The producers of KAMBULE, the Idakeda Group, will be offering a series of online workshops focused on the theory and practice of traditional carnival art forms. The series will begin today and takes place in light of the 2021 carnival celebrations canceled due to the covid19 pandemic.
Kambule is the ritual reconstruction of the 1881 Canboulay riots made by the group each year. Written by poet and playwright Eintou Springer, Kambule imagines the conversations between stickfighters and jammers as they prepare to fight with Police Commissioner Captain Arthur Baker. Springer used the spelling “Kambule” – a Kikongo word meaning “procession”, which has been confused with the more well-known spelling Canboulay, which is a French patois word meaning “burnt canes”.
Idakeda founder, Kambule choreographer and Newsday columnist Dara Healy said the workshops were held to keep the spirit of the season alive.
“Kambule has become a staple of the annual Carnival celebrations, but it is much more than a play. We have a returning cast of over 50 youngsters and we think it’s important for us to maintain that connection whether or not there is an official two-day celebration on the streets. “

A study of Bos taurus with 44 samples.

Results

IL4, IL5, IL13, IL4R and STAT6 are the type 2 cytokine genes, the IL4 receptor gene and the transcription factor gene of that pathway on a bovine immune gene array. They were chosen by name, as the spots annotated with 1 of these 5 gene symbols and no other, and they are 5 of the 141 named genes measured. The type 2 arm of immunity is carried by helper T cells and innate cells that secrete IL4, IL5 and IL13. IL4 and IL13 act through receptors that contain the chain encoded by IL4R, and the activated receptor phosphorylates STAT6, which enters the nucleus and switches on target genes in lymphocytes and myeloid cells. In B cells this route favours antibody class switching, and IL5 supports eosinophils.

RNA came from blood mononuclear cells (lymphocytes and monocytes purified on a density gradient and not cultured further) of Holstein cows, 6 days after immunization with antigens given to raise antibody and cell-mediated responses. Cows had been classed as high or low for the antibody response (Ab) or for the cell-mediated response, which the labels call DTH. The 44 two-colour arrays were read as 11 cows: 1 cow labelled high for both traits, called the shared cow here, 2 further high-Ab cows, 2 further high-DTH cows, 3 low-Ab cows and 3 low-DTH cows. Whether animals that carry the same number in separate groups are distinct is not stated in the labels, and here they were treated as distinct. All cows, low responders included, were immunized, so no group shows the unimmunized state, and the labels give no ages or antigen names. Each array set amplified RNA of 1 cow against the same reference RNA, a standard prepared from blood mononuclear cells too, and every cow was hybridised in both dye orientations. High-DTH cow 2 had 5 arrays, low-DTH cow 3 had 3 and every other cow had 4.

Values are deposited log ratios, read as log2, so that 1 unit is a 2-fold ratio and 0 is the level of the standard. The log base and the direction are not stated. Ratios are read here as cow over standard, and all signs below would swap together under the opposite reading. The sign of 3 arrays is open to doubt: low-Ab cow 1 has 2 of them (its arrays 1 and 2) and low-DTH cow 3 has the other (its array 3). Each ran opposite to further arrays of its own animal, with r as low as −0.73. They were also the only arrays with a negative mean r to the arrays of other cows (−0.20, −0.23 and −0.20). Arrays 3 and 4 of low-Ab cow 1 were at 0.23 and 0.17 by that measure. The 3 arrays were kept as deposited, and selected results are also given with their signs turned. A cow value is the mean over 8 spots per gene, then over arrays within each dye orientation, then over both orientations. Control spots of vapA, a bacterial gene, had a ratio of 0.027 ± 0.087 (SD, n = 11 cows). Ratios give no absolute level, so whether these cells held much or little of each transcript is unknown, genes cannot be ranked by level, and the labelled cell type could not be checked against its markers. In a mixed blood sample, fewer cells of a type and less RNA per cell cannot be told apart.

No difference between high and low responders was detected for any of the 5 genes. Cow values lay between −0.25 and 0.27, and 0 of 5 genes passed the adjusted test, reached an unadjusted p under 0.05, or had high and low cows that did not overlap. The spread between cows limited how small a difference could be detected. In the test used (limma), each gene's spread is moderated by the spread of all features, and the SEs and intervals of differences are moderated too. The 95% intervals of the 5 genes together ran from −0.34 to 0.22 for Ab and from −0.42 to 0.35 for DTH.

Healy said they have kept in touch with actors throughout this challenging year for artists and cultural workers.
“We all felt it was important to keep going. This is the essence of what Kambule teaches us, that we have to keep our traditions alive. And the digital space offers us an opportunity to do so.
The online workshop series begins November 14 with percussion led by Kayode and Iremide Charles. There will also be community theater workshops led by Brendon Lacaille and Keon Francis, African Spirituality, facilitated by Eintou Springer and a Kalinda workshop facilitated by Bois Academy of TT.
The workshops will be broadcast live via Facebook and YouTube and donations collected via fundmetnt.com will be used for an online production of Kambule for Carnival 2021.